One of the most exciting aspects of the CSG is its size: in my program booklet, the members numbered over 100. In Christ Church, the choir spilled out of the choir loft, swept across the altar, and finally converged beneath the pulpit. With this many voices making sound, the effect was bound to be spectacular.
The first half of the concert consisted of Luigi Cherubini's Requiem from 1815. A requiem mass differs from a typical mass by its omission of the Gloria and Credo, and by the addition of a few other movements unique to the funeral rite, most famously the "Dies Irae."
Cherubini's Requiem begins with a mournful single line played by the bassoons and lower strings. Within a few seconds of this stark opening, the huge choir entered with lush but hushed sound, intoning the Introit, "Requiem aeternam dona eis" ("grant them eternal rest").
This choir's precision was evidenced by the consistent intelligibility of the text – an impressive feat for a 100-plus-member ensemble, especially one with open membership (singers don't audition for CSG). This precision was a testament to the performers' hard work and to Brotherton's excellent skills as a conductor and coach.
The Cherubini is a monumental piece, but the performers soldiered through, maintaining their articulation and dynamic expressiveness to the very end.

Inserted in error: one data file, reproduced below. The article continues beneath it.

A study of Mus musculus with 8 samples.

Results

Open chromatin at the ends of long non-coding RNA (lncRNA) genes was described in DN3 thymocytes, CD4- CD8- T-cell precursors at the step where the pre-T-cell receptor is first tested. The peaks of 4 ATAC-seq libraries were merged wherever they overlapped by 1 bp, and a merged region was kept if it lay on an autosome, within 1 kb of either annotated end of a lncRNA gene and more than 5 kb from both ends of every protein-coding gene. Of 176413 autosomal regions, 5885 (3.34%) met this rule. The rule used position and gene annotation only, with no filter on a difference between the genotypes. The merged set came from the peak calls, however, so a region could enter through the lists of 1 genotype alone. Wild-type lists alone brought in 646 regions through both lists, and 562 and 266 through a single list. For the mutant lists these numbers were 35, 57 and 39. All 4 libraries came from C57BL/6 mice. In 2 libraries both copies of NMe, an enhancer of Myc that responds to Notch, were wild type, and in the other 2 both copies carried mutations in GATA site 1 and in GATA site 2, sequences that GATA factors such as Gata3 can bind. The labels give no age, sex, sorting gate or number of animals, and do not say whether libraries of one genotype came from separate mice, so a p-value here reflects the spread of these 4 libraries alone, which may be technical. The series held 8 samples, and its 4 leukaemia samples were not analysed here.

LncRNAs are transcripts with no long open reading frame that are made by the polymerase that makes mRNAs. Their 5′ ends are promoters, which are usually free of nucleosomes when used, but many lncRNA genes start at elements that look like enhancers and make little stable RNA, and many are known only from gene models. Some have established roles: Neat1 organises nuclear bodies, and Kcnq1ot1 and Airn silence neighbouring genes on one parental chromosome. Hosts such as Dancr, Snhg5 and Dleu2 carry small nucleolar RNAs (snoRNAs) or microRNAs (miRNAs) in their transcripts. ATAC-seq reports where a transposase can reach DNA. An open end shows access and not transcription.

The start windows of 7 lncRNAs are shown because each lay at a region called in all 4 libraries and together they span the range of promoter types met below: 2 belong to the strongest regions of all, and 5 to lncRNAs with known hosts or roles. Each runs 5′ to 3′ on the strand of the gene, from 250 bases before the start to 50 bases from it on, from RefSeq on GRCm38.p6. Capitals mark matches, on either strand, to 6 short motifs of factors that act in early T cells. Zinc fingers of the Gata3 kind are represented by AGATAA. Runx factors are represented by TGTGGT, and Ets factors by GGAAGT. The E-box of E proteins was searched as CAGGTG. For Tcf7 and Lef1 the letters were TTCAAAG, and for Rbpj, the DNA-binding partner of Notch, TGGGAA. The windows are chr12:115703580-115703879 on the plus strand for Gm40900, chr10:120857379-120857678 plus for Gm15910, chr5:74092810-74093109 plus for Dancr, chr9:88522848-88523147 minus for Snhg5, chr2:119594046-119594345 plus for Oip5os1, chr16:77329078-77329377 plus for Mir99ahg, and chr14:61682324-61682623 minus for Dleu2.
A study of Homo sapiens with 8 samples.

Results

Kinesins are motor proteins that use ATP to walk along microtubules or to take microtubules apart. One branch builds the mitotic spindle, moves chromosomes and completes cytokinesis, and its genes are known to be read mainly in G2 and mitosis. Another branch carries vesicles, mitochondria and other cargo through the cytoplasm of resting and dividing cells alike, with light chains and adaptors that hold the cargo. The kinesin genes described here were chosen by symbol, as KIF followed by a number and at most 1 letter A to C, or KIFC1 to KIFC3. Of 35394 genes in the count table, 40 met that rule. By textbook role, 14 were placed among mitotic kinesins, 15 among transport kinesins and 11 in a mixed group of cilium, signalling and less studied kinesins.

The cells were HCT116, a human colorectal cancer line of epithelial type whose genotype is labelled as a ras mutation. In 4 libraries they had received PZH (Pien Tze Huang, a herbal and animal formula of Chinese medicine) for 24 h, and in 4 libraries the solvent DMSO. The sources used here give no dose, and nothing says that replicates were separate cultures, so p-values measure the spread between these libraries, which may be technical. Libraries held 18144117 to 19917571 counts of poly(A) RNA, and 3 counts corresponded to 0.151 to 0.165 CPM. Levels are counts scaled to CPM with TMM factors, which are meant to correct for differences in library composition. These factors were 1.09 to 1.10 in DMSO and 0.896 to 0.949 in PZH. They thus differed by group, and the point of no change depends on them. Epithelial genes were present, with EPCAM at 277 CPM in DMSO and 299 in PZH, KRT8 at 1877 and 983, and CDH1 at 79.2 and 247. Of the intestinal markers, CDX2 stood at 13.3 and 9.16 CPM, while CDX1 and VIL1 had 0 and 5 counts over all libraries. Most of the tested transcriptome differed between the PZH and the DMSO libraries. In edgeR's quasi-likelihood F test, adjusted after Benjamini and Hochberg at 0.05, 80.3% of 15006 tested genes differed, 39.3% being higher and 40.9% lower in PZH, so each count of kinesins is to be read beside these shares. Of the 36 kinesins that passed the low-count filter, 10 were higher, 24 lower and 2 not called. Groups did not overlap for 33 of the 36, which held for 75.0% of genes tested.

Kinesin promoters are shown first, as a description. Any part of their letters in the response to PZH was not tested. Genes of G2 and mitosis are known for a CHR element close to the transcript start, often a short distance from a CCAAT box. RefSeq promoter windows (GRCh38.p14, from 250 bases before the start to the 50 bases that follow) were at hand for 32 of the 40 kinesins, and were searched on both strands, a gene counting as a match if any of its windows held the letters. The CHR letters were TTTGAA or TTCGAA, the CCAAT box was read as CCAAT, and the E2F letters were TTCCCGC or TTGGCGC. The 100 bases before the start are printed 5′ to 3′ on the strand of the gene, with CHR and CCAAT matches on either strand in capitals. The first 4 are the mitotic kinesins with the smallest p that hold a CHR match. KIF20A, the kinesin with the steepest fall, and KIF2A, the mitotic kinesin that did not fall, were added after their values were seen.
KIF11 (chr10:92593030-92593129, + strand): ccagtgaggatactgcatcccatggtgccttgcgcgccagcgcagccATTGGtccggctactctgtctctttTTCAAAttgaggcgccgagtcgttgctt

The evening's second half consisted of a mass with a completely different mood, Mozart's regal and celebratory "Coronation" Mass, K. 317. The nickname "Coronation" was added later in the piece's history, but it's an appropriate title: this piece has few solemn moments, instead being dominated by a spirit of elegance and grace.
The Mozart also contrasts with the Cherubini by its inclusion of four soloists. In Saturday night's performance, the solo lines were ably performed by soprano Joann Martinson, mezzo Kayla Brotherton, tenor D'andré Wright, and bass Jamar Tyrene. These expressive and powerful soloists added welcome color and variety to the sonic surface.
The "Coronation" mass balances its bright themes and huge variety of textures by careful correspondences between movements. By re-using musical material from the beginning of the piece in the closing movements, Mozart makes symbolic connections in the text while forming an aesthetically pleasing musical structure.
The choir's sense of expectation nearing the recapitulation was palpable, and the closing moments filled with triumphant power. For Classical music lovers, this mass is one of the timeless masterpieces of the sacred repertoire, and the audience showed its appreciation with heartfelt applause.
For a large choir with open membership, the Choral Society of Greensboro continues to perform at a very high level of artistic success. This was an excellent close to their season. Bravi!